Photos: courtesy Ajai Shukla
The Dhruv assembly line in HAL. While Avio redesigns the Dhruv's transmission, this line will build 83 Mk 3 (utility), and 76 Mk 4 (WSI) Dhruvs, by 2015.
by Ajai Shukla
Business Standard, 13th Sept 10
The Dhruv Advanced Light Helicopter (ALH) has been widely regarded as a triumph of indigenous military rotorcraft design and manufacturing. Scores of Dhruvs already flying in army colours will be joined by another 159, which the military ordered last year from Hindustan Aeronautics Limited (HAL). And, Ecuador’s air force chose the Dhruv ALH in an international tender in 2008 for seven helicopters.
But now it emerges that the Dhruv is struggling with a serious problem. The army, which was to be supplied 20 Dhruvs last year, refused to accept any until HAL fixed a problem that was restricting the Dhruv’s cruising speed to 250 kilometers per hour, significantly short of the 270 kmph that HAL specifications promise. Unable to find a cure, HAL has brought in a consultant: Italian aerospace propulsion major, Avio.
India’s military sets high store by the Dhruv’s engine power; the helicopter must operate from tiny landing grounds at 6,500 meters (about 21,000 feet), which is the altitude of Sonam Post, India’s highest helipad on the Siachen Glacier. But even after paying French engine-maker, Turbomeca, Rs 1,000 crore to design the Shakti engine —- a superb performer at high altitudes —- the Dhruv’s Integrated Dynamic System, or IDS, which transfers power from the Shakti engines to the helicopter rotors, is not performing optimally. That, say HAL engineers, has reduced speed, high-altitude capability, and the life of the IDS.
The Italian consultants will now scrutinise the Dhruv’s IDS to diagnose the problem. Avio will start by building a single HAL-designed IDS in Avio’s facilities in Italy, using their own materials and tools. They will then test-run this for 400-500 hours; if it works perfectly, it would be evident that the flaw lies in HAL’s manufacturing, rather than the IDS design. On the other hand, if the Avio-built IDS performs poorly during the test run, there is clearly a design problem. Avio will then redesign the IDS.
A senior HAL official explained to Business Standard: “Avio will review the whole design, on a purely consultancy basis. They will give us a redesign… that will be the first phase. We will have to translate that new design into an engineered product. And, after that, we’ll have to do the ground testing and the flight-testing. It will be a long-drawn affair.”
Avio, Business Standard has learned, was HAL’s second choice. But the first choice consultant, an American company, had so much work on its plate that it had to turn HAL away.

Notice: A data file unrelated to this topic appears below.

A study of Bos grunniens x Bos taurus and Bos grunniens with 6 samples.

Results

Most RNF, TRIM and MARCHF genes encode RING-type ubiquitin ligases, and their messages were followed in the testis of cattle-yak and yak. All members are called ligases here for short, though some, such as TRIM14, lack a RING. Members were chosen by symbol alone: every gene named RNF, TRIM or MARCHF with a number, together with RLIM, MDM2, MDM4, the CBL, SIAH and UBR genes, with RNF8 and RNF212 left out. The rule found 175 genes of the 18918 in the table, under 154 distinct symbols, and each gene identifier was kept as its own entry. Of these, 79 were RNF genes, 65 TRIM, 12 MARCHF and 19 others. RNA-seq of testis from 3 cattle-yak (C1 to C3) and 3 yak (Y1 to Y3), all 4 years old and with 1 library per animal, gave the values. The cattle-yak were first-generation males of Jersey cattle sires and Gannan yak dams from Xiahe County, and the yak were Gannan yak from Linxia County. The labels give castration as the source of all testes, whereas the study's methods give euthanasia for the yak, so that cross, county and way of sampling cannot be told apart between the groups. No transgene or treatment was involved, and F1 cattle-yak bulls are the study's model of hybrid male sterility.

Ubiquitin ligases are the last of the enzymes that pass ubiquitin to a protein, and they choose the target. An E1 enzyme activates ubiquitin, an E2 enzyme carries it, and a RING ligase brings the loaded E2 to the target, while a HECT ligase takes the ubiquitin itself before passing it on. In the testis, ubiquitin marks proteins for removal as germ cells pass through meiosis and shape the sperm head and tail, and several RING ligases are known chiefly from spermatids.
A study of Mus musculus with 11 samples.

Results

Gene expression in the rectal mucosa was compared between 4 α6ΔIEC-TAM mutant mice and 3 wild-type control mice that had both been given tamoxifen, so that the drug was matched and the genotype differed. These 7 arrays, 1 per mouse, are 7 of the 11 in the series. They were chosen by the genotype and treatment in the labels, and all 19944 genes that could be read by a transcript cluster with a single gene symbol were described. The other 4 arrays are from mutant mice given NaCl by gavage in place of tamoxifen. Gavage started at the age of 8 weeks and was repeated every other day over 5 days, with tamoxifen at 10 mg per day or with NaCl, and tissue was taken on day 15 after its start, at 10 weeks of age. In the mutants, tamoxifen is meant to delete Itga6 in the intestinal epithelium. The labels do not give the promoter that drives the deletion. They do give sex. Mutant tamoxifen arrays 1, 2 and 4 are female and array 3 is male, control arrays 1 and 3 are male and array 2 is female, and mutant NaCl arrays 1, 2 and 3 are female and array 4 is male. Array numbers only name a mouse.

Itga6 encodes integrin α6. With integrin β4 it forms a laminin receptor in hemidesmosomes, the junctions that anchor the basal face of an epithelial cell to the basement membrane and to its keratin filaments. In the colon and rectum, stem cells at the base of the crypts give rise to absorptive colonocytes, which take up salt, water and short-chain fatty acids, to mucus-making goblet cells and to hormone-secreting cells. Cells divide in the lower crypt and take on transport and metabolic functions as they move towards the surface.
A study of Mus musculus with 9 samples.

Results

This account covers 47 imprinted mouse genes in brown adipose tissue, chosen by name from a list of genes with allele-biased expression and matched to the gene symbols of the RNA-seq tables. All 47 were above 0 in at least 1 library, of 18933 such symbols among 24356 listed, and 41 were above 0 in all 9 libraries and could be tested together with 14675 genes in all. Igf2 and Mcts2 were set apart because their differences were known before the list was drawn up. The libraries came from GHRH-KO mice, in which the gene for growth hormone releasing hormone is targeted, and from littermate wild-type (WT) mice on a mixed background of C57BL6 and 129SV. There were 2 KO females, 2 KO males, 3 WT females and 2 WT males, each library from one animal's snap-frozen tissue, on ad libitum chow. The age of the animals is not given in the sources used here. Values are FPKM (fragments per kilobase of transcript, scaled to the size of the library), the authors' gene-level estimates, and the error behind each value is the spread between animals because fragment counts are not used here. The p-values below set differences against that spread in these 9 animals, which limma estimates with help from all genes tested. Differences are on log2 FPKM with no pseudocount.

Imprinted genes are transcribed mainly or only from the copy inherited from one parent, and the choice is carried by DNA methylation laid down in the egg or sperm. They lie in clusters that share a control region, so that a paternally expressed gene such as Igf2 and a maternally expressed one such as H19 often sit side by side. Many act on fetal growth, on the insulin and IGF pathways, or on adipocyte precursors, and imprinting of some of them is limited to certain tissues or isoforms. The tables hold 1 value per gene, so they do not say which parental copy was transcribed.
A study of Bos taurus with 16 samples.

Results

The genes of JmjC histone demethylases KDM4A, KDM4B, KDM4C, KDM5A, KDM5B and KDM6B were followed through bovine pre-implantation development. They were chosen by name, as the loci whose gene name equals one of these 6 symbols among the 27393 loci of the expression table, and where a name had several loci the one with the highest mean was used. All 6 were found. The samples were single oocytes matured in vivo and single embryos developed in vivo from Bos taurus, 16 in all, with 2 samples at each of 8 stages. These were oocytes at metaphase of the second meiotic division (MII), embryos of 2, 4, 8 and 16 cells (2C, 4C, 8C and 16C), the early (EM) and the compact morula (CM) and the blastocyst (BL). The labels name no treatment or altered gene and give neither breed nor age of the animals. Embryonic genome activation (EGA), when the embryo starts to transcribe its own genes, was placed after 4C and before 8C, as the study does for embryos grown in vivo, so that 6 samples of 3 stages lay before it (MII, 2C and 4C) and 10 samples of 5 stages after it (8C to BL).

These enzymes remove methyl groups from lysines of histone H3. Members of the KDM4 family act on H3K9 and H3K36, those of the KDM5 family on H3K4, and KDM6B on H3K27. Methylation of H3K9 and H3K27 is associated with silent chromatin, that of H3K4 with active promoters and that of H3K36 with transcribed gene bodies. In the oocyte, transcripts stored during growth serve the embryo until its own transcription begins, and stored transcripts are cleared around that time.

Meanwhile, India’s army and air force — strapped for helicopters — have no choice but to accept and fly Dhruvs, even though they are performing below par and metal keeps chipping off inside the IDS. HAL has itself implemented six changes inside the IDS and 30 helicopters have been flying with these changes for some 400 hours. So far, there has been no major problem.
“This is not dangerous for the pilots”, says a senior HAL official. “Heavy chipping of metal would warn us about an impending failure of the IDS. There is a monitoring system inside the IDS, which checks for the presence of tiny metal chips in the oil. There is no danger of sudden, catastrophic failure in flight.”
Top officials in the Ministry of Defence have conveyed strong displeasure to HAL over what they consider a “sloppy” work culture. Talking to Business Standard on condition of anonimity, a MoD official points out, “The Avio consultancy will place HAL’s work culture under serious scrutiny. To identify the fault in the Dhruv’s IDS, Avio has insisted on auditing HAL’s facilities and practices. This will amount to a full external audit, which will highlight systemic and procedural problems that HAL would never have identified on its own.”
But the MoD also accepts that the aerospace establishment, hungry for success, developed the Dhruv in haste and introduced it into operational service without adequate testing. Illustrating this point, the MoD official says: “The IAF asked for about 75 design changes while HAL was developing the Dhruv. This prevented a coherent and systematic design process. And, thereafter, HAL was too eager to introduce the Dhruv into service. It has now emerged that it was unwise of HAL, and of the IAF, to operationalise the Dhruv before the design was fully stabilised.”
This year, the army and the IAF will introduce 31 new HAL-built Dhruv Mark 3 helicopters into service. These are part of an order placed on HAL last year for 159 Dhruv helicopters to be supplied by 2015. Of these, 83 are utility helicopters called Dhruv Mark 3, used for transporting people. The other 76 are Mark 4 helicopters, which will be fitted with cannons, rockets, missiles and electronic warfare equipment. These are called Dhruv (Weapon Systems Integrated), or Dhruv (WSI).